Rug Pull Finder gets exploited, questions of credibility raised

Rug pulls have become quite common in the crypto and NFT industry. NFT Rug Pull Finder, a project to help find scammers and audit NFT collections, got exploited via NFT smart contract.

Twitter user and analyst @NFTHerder and the NFT community, in general, are now questioning the platform’s credibility as a security firm.

Rug Pull Finder recently dropped a free mint on its platform; however, two scammers took advantage of a loophole within the smart contract and attacked it to mint 450 NFTs instead of one.

The collection called “Bad Guys” features 1,221 NFT artworks about “scammers accidentally let loose on the blockchain.” A wallet could only mint one NFT from the minting stage.

Bad Guys was a pre-sale via a whitelist before the official launch of the 10,000 NFT collection. The NFT holder would receive the benefits of minting the main RPF NFT drop and future NFT drops.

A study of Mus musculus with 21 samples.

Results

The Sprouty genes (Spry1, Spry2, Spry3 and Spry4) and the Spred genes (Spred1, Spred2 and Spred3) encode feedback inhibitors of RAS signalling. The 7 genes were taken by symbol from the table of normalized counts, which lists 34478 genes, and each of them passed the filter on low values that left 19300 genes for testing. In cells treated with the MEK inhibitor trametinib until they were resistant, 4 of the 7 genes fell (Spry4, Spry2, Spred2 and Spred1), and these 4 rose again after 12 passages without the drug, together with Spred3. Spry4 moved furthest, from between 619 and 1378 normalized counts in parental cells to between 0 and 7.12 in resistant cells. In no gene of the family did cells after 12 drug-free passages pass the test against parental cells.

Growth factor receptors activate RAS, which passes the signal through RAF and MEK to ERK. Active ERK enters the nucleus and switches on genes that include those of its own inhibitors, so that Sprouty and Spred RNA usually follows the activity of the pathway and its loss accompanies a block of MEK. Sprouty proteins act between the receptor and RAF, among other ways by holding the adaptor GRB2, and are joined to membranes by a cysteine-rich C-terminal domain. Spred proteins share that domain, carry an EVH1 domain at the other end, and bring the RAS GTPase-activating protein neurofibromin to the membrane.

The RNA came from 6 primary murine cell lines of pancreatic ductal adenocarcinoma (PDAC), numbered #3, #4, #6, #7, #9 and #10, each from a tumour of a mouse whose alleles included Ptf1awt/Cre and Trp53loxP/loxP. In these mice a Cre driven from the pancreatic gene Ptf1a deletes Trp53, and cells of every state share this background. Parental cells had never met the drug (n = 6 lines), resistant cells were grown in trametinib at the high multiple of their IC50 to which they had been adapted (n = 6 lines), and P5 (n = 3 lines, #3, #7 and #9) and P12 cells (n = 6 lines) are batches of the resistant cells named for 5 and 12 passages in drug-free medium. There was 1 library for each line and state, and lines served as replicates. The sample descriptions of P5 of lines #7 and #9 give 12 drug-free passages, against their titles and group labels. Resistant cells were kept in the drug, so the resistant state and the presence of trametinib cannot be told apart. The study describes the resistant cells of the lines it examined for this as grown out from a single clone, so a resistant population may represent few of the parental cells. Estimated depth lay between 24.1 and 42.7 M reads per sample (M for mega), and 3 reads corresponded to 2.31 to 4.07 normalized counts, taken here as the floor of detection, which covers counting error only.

With the exploit happening, many people criticized NFT by Rug Pull Finder for not ensuring its platform’s security.

The RPF team came on Twitter to explain the exploit. According to them, the scammers saw a flaw in the code and exploited it, even though the team had received a warning from a source about it.

“After reviewing it with three different dev teams, we did not believe the credibility of the information sent to us... We were clearly wrong, and we are truly, truly sorry,” the team said.

The ironic thing about this exploit is that the project was founded to detect technical flaws in NFT small contracts but it failed to audit its own NFT smart contract.

As of now, the team has made a deal with one of the scammers to recover 330 NFTs in exchange for a bounty of 2.5 ETH, which is around $3,944.